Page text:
Welcome to Texture Talk, a column that celebrates and deep dives into the dynamic world of curly hair, from crowns of curls that are free flowing to strands that are tucked away in a protective style.
One of the things you’re likely to spot the minute you step into my daughter’s nursery is a wee shelf populated with picture books that showcase Black faces as main characters. Books whose dark-skinned heroes not only visually resemble who my daughter is in this world but whose stories showcase Black youth in an uplifting and positive light rather than through the damaging stereotypical views that society — to this day — all too often uses to describe us: uneducated, living in poverty, angry, dangerous, oversexualized. The list unfortunately goes on.
Representation matters. When I was a kid, my childhood reading and TV and movie watching were often about worlds of mostly blue-eyed, blond-haired children who looked nothing like me. I truthfully can’t recall a powerful, strong Black role model that I could look up to in my youth.
This left me wanting to play only with my white Barbies, and for years I had a deep yearning to conform to a portrait of popular beauty designed by a Eurocentric society. It wasn’t until I was in my 20s that I truly began to take pride in my own natural looks. Let’s just say that I refuse to have my daughter live and think that way. I want her to always be proud of who she is, from her voluminous coils and chocolate skin to her Ghanaian-Caribbean background.
So, when I discovered the coffee-table book Glory: Magical Visions of Black Beauty by Kahran and Regis Bethencourt, the wife-and-husband photography duo behind Atlanta-based CreativeSoul Photography, I purchased it immediately. (Fun fact: Their work has earned them global recognition over the years and many viral call-outs from A-listers like Alicia Keys, Common and Taraji P. Henson.)
Inside the 256-page tome you’ll find a next-level collection of Kahran and Regis’s niche work: one-of-a-kind photographs of real-life Black youth (who are between five and 13 years old and hail from across the United States and countries in Africa) looking like true monarchs and flexing a whole range of natural hairstyles — not to mention they’re serving major fashion looks by Black designers. From cornrows adorned with colourful cowrie shells to asymmetrical afros to sculptural braids and twist-outs, afro-textured hair — and Black skin tones of every hue, for that matter — becomes a symbol of empowerment, beauty, self-care and individuality. “We really tried to showcase all types of natural hair, from 4C coils to looser textures, because there is still this sense of what is considered ‘good hair’ and what’s not within Black communities,” explains Kahran.
The book, I later discovered, was released in 2020 — a time when the world was not only grappling with a health pandemic but also finally facing a harsh light on anti-Black racism in many areas of society. To my mind, Kahran and Regis’s timing couldn’t have been better.
What makes Kahran and Regis’s dreamy imagery even more special as you flip through the pages is that alongside powerful quotes by famous figures — Nelson Mandela, Maya Angelou, Oprah Winfrey, Muhammad Ali — the duo provide space for the Black youth they feature to share their own stories and explore their dreams. Think an eight-year-old neuroscience expert who’s able to dissect mind-boggling topics, a 13-year-old with a clothing line aimed at combatting racism and colourism, young kids fighting discriminatory hair policies in schools that forbid certain Black hairstyles and children celebrating life despite health problems and disabilities.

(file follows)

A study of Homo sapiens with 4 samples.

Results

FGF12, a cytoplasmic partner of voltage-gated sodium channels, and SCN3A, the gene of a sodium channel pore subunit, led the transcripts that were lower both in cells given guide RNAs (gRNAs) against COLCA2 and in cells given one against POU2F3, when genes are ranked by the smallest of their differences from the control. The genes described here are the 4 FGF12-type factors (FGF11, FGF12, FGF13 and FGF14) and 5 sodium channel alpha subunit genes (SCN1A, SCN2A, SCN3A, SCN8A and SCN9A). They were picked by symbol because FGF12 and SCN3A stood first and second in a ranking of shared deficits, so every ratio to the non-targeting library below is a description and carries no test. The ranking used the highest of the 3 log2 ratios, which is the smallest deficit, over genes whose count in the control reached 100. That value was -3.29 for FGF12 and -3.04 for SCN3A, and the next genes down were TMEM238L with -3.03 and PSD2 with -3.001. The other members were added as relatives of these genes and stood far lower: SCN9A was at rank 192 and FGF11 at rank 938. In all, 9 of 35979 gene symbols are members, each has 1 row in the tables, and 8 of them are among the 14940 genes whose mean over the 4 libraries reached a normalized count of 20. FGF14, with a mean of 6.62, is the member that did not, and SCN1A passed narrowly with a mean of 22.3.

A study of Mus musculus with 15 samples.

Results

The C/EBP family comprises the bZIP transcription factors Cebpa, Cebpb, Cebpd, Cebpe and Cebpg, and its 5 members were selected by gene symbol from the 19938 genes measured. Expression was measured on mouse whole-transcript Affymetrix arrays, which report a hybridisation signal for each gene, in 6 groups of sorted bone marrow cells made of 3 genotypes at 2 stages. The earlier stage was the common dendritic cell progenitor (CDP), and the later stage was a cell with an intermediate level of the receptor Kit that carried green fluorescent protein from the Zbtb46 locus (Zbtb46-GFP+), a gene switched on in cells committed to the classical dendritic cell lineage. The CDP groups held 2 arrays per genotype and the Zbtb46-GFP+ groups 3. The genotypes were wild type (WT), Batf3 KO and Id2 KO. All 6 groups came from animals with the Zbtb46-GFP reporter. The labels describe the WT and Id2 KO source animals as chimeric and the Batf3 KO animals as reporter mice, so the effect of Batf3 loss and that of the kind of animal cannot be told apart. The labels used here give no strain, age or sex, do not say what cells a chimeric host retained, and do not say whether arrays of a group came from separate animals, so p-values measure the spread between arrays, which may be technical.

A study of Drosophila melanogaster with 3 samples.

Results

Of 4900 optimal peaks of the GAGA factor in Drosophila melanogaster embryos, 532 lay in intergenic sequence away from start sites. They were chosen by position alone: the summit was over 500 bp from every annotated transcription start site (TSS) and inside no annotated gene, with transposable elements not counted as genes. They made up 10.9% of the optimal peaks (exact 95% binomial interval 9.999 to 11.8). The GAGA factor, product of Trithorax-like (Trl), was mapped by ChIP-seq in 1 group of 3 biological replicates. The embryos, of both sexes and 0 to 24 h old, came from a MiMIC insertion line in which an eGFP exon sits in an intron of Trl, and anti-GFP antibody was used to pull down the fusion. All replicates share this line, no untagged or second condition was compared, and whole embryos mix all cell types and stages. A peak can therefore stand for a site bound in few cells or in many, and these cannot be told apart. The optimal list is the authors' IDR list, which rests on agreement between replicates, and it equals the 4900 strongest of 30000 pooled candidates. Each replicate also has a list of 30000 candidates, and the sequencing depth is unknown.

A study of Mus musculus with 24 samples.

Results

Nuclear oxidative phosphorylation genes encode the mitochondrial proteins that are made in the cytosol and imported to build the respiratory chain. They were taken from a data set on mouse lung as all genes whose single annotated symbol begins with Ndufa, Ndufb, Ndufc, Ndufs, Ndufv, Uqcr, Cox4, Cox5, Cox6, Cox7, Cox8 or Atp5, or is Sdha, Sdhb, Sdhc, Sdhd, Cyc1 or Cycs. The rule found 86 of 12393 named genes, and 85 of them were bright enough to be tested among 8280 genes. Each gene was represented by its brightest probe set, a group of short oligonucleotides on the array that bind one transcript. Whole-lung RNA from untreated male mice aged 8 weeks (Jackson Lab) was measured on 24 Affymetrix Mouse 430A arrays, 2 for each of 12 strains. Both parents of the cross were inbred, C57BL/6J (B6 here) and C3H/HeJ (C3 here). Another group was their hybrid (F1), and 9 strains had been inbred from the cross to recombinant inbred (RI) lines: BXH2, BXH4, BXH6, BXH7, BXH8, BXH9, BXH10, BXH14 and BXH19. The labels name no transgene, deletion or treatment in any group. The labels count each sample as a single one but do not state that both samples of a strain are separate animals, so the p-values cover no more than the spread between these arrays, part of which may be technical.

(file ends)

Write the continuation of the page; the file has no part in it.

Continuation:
“When we first started photographing kids, we focused more on showing the beauty and uniqueness of afro hair,” shares Kahran. “But we soon realized that these kids had amazing stories and were doing inspiring things. Sadly, that’s not what’s being highlighted or shown in the media, so we felt like we had an opportunity to give these kids a platform and share their voices with the world. That’s really how the idea for Glory came about. We wanted to extend the narrative to much more than just hair.”
The post-shoot reactions are heart-melting. “The kids are usually amazed to see themselves photographed in that way,” says Kahran. “The transformation isn’t just from the outside; it’s from the inside as well: Their chests stick out a little bit more, and they hold their heads higher.” Adds Regis: “And they continue to carry that confidence with them.”
And don’t be mistaken: CreativeSoul’s work is just as much for adults as it is for children, serving as an educational tool for all — even those living outside Black culture. Kahran says that when they share their images on social media, they often receive comments of awe and curiosity from unknowing minds. “We use our platform to educate as well as entertain,” she states.
In fact, Glory doesn’t live on my daughter’s bookshelf. No, no. It sits on display in our living room for all visitors to see, touch and learn from.
I truly can’t wait to regularly absorb those magnificent pages with my daughter as I watch her grow into her own person, reading her stories of young Black kids just like her doing incredible things and winning at life — stories for her to idolize and daydream about. It would bring me so much joy to see those page corners well worn.
And good news! Another coffee-table book is on its way, due to arrive in summer 2023, shares Kahran. “It will be called Crowned, and it will be a book of Black fairy tales,” she says. “Some are our own takes on existing fairy tales and African and African-American folklore stories, and others are ones we came up with. We’re super excited for it to be out in the world.” Excuse me: adding my name to the pre-order list ASAP.
This article first appeared in FASHION’s September issue. Find out more here.